Manjiro was afraid, but he said, "My father told me that a person should always put his heart in order before falling asleep. Then he will be unencumbered by fear." Manjiro tried to put his heart in order. He said a sutra—a prayer—for his ancestors, his family, his friends, and for himself. Then he waited for his heart to go back where it belonged instead of jumping all over inside his chest. (2.3.81)
Manjiro's the perfect son precisely because he takes his father's statements and treats them like hard-core principles that he should follow. But how faithful will he be to his father's teachings when he becomes "son" to Captain Whitfield?
Roused from his fever, Jusuke whispered, "As the saying goes: 'Entering the village, obey the village.'" (2.3.31)
What Jusuke says makes sense: If you're going into a new place, you better "obey the village" because, at the very least, it's the polite thing to do. But what's interesting is how Manjiro tries and yet doesn't stick to this principle. Or more to the point, how later, Captain Whitfield encourages Manjiro to do exactly the opposite of this saying…
As a Buddhist, Manjiro had learned that it was wrong to kill—not just people, but living creatures. Of course, Manjiro had killed plenty of fish. In a country like his, surrounded by water and filled with people who needed to eat, it was natural to eat fish. In some villages, whales were sometimes caught. But even a small fish deserved a prayer of gratitude. The fishermen he knew never took fish without remembering to leave grateful offerings at shrines for such purposes. (2.4.76)
This passage comes right after the scene when the sailors capture the whale. Manjiro can't believe how brutal the sailors are to the huge whale, and it's hard not to see his point. Manjiro's philosophy toward animals seems current and modern—you know, eco-friendly and all that. By comparison, the sailors do seem thoughtless about the majesty of the whale.
Manjiro thought, If I'm eating poison, I might as well lick the plate, but he didn't say it. There was no reason to be rude. Instead, he bowed to Denzo and said, "Thank you for reminding me of things I should not forget."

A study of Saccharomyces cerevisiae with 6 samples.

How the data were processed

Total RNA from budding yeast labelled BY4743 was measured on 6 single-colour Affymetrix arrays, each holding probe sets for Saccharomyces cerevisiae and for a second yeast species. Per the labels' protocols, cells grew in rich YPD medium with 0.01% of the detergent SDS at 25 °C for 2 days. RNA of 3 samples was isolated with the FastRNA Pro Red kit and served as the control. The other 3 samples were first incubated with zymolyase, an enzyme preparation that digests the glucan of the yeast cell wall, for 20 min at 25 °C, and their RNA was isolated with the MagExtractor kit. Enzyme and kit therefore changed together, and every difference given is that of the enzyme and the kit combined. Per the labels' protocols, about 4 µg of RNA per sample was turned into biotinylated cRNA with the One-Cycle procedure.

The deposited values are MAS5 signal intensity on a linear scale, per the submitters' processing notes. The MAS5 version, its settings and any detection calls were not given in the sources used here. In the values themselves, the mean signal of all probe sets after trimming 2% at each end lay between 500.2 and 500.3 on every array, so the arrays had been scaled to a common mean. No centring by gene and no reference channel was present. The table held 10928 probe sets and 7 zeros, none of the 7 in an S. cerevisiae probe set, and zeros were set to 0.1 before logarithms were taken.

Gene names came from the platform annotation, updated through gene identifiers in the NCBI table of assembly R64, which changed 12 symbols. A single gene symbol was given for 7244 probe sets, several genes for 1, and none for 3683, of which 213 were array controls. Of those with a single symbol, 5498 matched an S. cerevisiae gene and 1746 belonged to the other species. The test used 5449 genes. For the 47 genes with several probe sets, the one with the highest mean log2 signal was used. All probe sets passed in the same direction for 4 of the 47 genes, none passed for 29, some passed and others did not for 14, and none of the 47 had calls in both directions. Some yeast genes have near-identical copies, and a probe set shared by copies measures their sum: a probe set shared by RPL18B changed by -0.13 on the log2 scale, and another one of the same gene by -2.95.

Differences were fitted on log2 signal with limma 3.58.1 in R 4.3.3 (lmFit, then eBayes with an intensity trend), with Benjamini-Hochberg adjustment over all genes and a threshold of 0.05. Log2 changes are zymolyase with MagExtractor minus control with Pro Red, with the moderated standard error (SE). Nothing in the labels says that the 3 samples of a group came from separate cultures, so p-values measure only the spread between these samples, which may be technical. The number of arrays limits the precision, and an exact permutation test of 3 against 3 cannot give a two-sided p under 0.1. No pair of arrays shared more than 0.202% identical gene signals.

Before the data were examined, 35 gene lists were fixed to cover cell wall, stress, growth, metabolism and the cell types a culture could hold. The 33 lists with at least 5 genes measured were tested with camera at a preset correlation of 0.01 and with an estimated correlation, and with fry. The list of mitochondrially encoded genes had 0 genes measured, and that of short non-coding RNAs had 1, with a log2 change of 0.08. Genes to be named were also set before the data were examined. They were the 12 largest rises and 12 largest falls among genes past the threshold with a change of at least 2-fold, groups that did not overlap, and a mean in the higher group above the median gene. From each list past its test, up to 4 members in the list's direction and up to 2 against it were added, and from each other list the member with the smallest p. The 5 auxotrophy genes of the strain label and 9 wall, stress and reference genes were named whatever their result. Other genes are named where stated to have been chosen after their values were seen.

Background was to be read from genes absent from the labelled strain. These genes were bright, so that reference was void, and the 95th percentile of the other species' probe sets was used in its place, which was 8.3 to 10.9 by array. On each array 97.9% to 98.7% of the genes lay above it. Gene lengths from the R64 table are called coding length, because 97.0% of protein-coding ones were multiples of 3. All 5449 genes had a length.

This is the scene when Denzo warns Manjiro that Manjiro is turning into a "barbarian." What's ironic is how deferential and non-"barbaric" Manjiro is to Denzo. He doesn't say what's on his mind, and instead remains super-polite, just the way Denzo expects him to be.
Manjiro had never thought of such things. He had always known what work he would do. Of course, he would have liked to bring honor to his family, and he remembered how he'd once said he wanted to be a samurai. (2.7.36)
By "things," Manjiro means "hopes and dreams"—Captain Whitfield's just asked Manjiro what his are, and Manjiro isn't sure how to respond given that the concept is a little new to him. What his thoughts do bring up is how different his guiding principles were in Japan, with the major one being all about bringing "honor to the family." Now he's trying to figure out what being principled means when the Captain keeps pressing him to express his individualism.
[Captain Whitfield's] an honest and fair-minded man, pious and plainspoken. There be no drink aboard his vessel, and there be no whale chasing on Sundays, neither. And no flogging. He's no hypocrite, like some whose names I could mention. They claim to be godly men, yet treat their crew like dogs. Some ship owners provision their vessels so poorly that a poor sailor can barely keep flesh on his bones. (2.8.7)
Now that's principled. It should be noted that Captain Whitfield principles are couched in his religious background. Manjiro's Japanese focus on taking care of the family doesn't have this same religious emphasis.
"Why would he do a kindness to me?" Manjiro asked.
"Why shouldn't he?"
"Because I am just a boy and he is a grown person. I am a poor nobody and he is a rich important person."
"And why can't a rich man be kind to a poor 'nobody'?" (3.15.31-34)
Manjiro's asking Captain Whitfield why this old guy—a total stranger—would defend Manjiro against a bunch of ignorant white bullies, and what's evident in Captain Whitfield's answer is how different his principle of common goodness is from what Manjiro is used to.
"You will find out that, like Jusuke says, 'the nail that sticks up gets hammered down.'"
Manjiro pointed to the sky. "Look," he said. Pink light rimmed the eastern horizon and ran down onto the sea. "Doesn't it look like the light from another world, spilling through a slightly open door?" (2.11.49-50)
Goemon is telling Manjiro to go with the (Japanese) flow and not go to America—to not be different. It's interesting that Manjiro replies with the opposite of a hard principle, instead offering up a question based on pure wonder at a simple sunrise.
"You deserve a proper upbringing, John, and you shall have it." (3.15.65)
Captain Whitfield is all about committing to John, and that means giving him a farm to live on, a horse to ride, and a mother to raise him. It's a principle that—in abstract—sounds familiar. Sure, these days father-figures might not be promising their sons horses and farms. But they might be promising the kid a stable home and a solid education. Times change but maybe intentions can stay the same.
"These shells are like the people of the world, Okachan," Manjiro said, speaking not just to his mother, but to everyone. "They come from many different places. They come in many different colors and sizes. But they are all beautiful." (5.40.35)
This is the principle that brings Manjiro's story into the 20th century: beauty in diversity. It's a reference to the multiculturalism that we take for granted in our contemporary society.